Growth in small companion animal business as a result of economic changes. Challenges in the region:

  • Several great projects - isolated
  • Need for structured/sustainable approach
  • Medical training and scientific research opportunities
  • Communication among practitioners/groups

Key focus

  • Establish a sustainable network of centres of excellence and local Small Animal Veterinary Associations
  • Ensure a long term partnership and presence in the countries by "hanging" projects onto the network
  • Respond to local needs by establishing and supporting a networked community
  • Co-develop activities to support sustainable solutions

Companion veterinary care in Africa - The challenge and the opportunity

Africa is the world's second largest continent and contains some of the fastest growing countries in the world. Unfortunately it is also plagued by many of the world's most dangerous diseases and, while veterinarians work hard, their numbers are few, they are geographically isolated and they are often held back by a lack of training, CE and support. Therefore urgent help is needed to drive advances in veterinary care for all species to improve the health and welfare of both animals and humans.

Veterinarians working in Eastern Europe faced similar challenges following the fall of the Iron Curtain. Several countries and leaders in companion animal medicine stepped in to support individuals and local groups with the setting up of veterinary associations that provided a focal point for the sustainable development of veterinary practice in their countries. As a result, veterinary care in the region progressed in leaps and bounds.

Inspired by this example, the African Small Companion Animal Network (AFSCAN) Project now aims to achieve similar results in Africa. The challenge is great but so is the opportunity to transform and move the companion veterinary care in Africa to a higher level and, in so doing, improve the lives of millions of animals and humans.

AFSCAN - harnessing experience to drive progress across the continent

Led by the WSAVA Foundation, AFSCAN is a ground-breaking project running, in the first instance, from April 2014 until April 2016. It is supported by a Consortium and by the global animal health company Zoetis.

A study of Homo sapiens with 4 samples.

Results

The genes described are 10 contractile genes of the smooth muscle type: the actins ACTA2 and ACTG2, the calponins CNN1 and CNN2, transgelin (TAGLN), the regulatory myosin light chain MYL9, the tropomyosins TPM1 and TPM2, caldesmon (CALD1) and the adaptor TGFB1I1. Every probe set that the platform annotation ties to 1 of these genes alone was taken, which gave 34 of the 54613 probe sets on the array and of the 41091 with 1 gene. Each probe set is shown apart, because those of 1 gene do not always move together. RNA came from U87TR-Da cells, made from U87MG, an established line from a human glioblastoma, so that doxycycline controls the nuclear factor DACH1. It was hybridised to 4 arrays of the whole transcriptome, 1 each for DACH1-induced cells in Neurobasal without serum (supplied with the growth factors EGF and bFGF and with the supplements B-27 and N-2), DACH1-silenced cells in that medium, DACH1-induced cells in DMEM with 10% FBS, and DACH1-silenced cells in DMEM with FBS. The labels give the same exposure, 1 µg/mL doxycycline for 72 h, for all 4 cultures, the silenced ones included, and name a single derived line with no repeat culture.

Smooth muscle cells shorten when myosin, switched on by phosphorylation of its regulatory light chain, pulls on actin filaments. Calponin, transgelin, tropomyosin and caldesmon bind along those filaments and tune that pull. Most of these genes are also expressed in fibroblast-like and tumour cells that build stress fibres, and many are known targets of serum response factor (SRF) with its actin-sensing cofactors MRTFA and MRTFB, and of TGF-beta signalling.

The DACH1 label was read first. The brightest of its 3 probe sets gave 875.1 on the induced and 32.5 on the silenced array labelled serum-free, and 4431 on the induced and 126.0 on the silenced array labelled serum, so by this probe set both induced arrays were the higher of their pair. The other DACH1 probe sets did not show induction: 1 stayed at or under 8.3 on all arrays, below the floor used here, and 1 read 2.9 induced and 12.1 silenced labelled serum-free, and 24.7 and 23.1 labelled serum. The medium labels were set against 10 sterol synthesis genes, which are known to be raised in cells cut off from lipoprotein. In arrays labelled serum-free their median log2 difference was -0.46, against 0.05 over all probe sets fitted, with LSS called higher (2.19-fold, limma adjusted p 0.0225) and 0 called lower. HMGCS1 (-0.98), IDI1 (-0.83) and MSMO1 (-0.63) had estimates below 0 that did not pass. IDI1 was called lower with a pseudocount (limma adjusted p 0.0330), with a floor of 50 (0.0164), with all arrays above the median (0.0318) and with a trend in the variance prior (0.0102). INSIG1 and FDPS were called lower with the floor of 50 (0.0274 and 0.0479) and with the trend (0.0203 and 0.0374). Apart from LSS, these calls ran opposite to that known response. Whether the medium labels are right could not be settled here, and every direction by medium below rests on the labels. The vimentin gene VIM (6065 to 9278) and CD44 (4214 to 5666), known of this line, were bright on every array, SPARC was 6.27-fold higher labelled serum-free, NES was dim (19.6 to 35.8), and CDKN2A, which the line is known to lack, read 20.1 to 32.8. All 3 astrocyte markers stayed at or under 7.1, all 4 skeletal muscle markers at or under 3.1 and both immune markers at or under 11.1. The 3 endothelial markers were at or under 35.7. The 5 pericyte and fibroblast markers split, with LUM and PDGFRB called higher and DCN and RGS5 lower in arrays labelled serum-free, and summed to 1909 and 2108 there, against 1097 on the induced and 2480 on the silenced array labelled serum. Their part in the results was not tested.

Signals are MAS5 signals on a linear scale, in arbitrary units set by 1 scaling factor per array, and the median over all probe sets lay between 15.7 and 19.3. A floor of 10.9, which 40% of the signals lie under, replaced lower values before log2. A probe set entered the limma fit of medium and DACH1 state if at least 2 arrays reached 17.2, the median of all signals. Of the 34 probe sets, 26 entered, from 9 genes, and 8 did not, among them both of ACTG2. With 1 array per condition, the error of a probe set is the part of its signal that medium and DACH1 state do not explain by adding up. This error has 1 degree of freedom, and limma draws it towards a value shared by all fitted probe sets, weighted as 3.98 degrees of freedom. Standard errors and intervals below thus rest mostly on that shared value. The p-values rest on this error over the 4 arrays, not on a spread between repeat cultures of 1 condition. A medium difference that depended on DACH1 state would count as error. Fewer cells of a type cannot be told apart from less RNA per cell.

AFSCAN's goal is to support small animal veterinarians across Africa by harnessing global support to help create the local associations and networks which will ultimately help to advance the veterinary profession across the continent in a sustainable way. It will achieve this by initiating activities in key areas including:

  • Offering grant funding for specific veterinary projects and establishing links between African veterinary researchers and those in institutions in Amreican or European countries.
  • Increasing support for and co-ordination of rabies control projects and setting up new projects.
  • The expansion of training and CE programmes for veterinarians and other veterinary professionals.
  • The support of surveillance systems to momitor infectious and parasitic diseases in companion animals.
  • The quest for new funding opportunities and co-operation with current and future Consortium members

The AFSCAN Team - bringing global perspectives and knowledge to ensure success

AFSCAN is led by the WSAVA Foundation, the charitable foundation of the World Small Animal Veterinary Association (WSAVA). Its goal is to fund improvements in the veterinary care of companion animals worldwide through science and education. The WSAVA is an umbrella organisation representing 145,000 veterinarians globally through 91 member associations.

The AFSCAN Board is led by Dr Gabriel Varga.